I hope you enjoy this Four Questions of Passover craft for kids! These Mah Nishtanah prompt cards are designed to jog some memories and can be used in multiple ways. Want a full Haggadah craft? Check out this interactive Haggadah template for kids! This post contains affiliate links.
The best ideas come about when you actually need something. Last year, as my preschooler was struggling with saying Mah Nishtanah at the Passover seder, I thought “wouldn’t it be cool if we had some kind of prompt card to hold up to remind him?” And so, as soon as chag was over, I jotted this idea down on the “to do next year” list. *
Kids often stand for Mah Nishtanah. They look around. So while they may have a kids Haggadah that they put together in school, having the ability to hold – or have a parent hold up – a visual cue can be super helpful. In fact, this can be used as part of an interactive Haggadah assembled in school! Just add a paper pocket to the Maggid page and slip these inside.
This Four Questions of Passover craft is designed to be printed as 5×7 cards. I chose this size as it’s large enough for kids to see from across the table but still small enough for them to hold or use as puppets. And if you want it smaller, you can still print it at a percentage of the actual size.
Other modifications you may want to make:
I debated adding certain details but decided to keep things simple, to a drawing to avoid visual clutter for the kids. However, these are details that are simple to add yourself!
- Numbers: I did not order the cards. You can do this by writing a number on each card or, my favorite idea, allowing the kids to add number stickers to the card or the stick.
- A divider: I had planned on a line dividing the images. You can add this yourself with a ruler. I preferred to have it without and it’s easier to add than to remove.
- The words: The words are a trickier one, as it’s a bit harder for you to add yourself. I chose to leave it off as the whole point of the card is to serve as quick visual for the youngest, likely a non-reader. And then there’s the slippery slope of whether to add it in English or Hebrew or both… I recommend opening the PDF in Adobe Reader, choosing “fill and sign” and adding your own text if you want it with text.
The Four Questions of Passover and the Illustrations on the cards
Each illustration features only objects by the “on all other nights” section and a child doing the “but tonight” action.
The four questions of Passover are as follows:
(Intro) How is this night different from all other nights?
- ּOn all other nights we eat Chametz (leavened bread) and Matzah; tonight, only Matzah. The illustration features some grain based foods (a cupcake is a must!) with a square matzah, and a girl eating from the three round matzahs often placed on the seder table.
- On all other nights we eat all kinds of vegetables; tonight only bitter herbs. The top features vegetables that other people’s children eat all year (not mine…) – including broccoli, carrot, and sweet potato. The bottom has a boy eating a leaf of Romaine with horseradish added as a visual.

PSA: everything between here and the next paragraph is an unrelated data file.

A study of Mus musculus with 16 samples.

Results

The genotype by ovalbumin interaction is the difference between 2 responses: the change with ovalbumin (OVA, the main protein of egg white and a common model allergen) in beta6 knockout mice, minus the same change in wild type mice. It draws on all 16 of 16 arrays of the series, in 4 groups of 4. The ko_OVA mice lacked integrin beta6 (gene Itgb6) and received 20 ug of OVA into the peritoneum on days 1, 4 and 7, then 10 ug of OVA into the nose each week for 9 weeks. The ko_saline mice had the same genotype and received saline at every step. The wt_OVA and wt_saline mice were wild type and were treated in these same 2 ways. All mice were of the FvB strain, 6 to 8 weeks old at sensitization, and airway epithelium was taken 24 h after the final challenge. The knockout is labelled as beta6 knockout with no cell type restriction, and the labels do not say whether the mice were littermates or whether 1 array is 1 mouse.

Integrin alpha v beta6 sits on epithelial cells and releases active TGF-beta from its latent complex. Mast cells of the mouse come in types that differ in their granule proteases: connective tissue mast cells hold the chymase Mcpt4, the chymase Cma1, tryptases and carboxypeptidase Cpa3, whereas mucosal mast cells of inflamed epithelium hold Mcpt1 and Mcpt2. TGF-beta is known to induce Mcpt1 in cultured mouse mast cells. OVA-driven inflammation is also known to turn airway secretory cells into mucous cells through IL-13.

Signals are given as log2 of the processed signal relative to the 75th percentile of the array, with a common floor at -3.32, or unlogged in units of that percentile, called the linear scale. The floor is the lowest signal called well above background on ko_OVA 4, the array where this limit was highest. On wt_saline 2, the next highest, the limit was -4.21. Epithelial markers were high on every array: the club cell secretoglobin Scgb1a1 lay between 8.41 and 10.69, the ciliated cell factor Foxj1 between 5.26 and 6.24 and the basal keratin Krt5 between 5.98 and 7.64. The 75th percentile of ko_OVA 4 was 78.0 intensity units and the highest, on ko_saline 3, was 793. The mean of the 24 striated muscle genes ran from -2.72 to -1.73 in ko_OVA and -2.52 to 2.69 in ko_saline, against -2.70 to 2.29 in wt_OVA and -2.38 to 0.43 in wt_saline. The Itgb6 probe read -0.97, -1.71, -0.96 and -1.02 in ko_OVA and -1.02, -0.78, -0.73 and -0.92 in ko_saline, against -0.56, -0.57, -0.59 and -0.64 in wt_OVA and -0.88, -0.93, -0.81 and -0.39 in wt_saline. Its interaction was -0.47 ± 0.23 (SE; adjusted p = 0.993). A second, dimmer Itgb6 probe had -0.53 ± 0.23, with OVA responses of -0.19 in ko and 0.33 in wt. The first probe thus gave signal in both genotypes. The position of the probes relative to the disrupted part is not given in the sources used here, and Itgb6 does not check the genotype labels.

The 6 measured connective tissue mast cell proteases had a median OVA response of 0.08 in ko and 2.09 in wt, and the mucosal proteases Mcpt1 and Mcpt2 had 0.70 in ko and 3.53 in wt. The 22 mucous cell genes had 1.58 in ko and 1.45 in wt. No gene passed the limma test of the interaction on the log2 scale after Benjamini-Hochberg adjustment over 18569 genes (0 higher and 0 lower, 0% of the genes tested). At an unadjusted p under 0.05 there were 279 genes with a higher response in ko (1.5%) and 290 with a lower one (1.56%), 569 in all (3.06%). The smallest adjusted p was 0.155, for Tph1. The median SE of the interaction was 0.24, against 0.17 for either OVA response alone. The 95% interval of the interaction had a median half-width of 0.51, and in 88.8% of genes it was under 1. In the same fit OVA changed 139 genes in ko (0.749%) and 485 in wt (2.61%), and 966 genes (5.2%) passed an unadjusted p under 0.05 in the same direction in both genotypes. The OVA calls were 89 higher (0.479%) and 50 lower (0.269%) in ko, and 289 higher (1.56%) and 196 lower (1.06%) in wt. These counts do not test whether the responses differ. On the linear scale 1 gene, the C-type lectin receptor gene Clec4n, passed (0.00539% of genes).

- On all other nights, we don’t dip our food even once; tonight we dip twice. The Top features a carrot dipping into hummus. I was intentionally ironic with this as we eat lots of carrot and hummus throughout the year, but it’s a good opportunity to highlight the special feature of structured dipping by the Seder. The bottom features a girl dipping both Marror into charoset and a potato into salt water.
- On all other nights we eat sitting or reclining; tonight we all recline. I created a dining chair and a recliner on top and a boy living his best life on the recliner on the bottom.
Download your Mah Nishtanah cards below
Get the color-in version
The black and white color-in version is ideal for preschool teachers building Haggadahs with the class. It’s also nice for parents looking for pre-chag extras to entertain the kids.
Get the full color version
The full color version is ideal as a gift to help kids say the Four questions of Passover or for parents (and grandparents) to print to help out their kids. It’s also a great add-on to class Haggadahs for those who are looking to minimize the amount of work for each page.
How to Assemble Four Questions of Passover Prompt Cards
This is a pretty open-ended Mah Nishtanah craft. Start by printing your chosen cards on card stock.
Here are a few ideas to can assemble either four questions of Passover card set:
- First of all, if you want it to last from year to year (especially the full color version) I recommend turning them into laminated cards.
- You can leave them as is as flash cards and even print them at 50% for a smaller version.
- Do what I did and make them “puppets” and prompts that are easy for a parent to hold up. Just glue on craft sticks. I love using self adhesive craft sticks for things like this.
- Punch a hole and thread them onto a binder ring for a mini book they can flip through.
- Cut an identical shaped blank card from colored cardstock. Cut a flap – a rectangle that’ll cover all the images – on three sides – with one side still attached. Glue the border around the border of your card. Write the number of the question on the outside of the card, lift the flap to reveal the question.
Got more ideas for these four questions of Passover prompt cards? Comment below to share with my readers!
* Did you know that I have a “to do next year” list as long as a CVS receipt? I have so many ideas and so little time! The best way you can help me get these out of my head and out into the world is by sharing my content or purchasing content upgrades and my premium printables. This allows me to hire out more so that I can share more!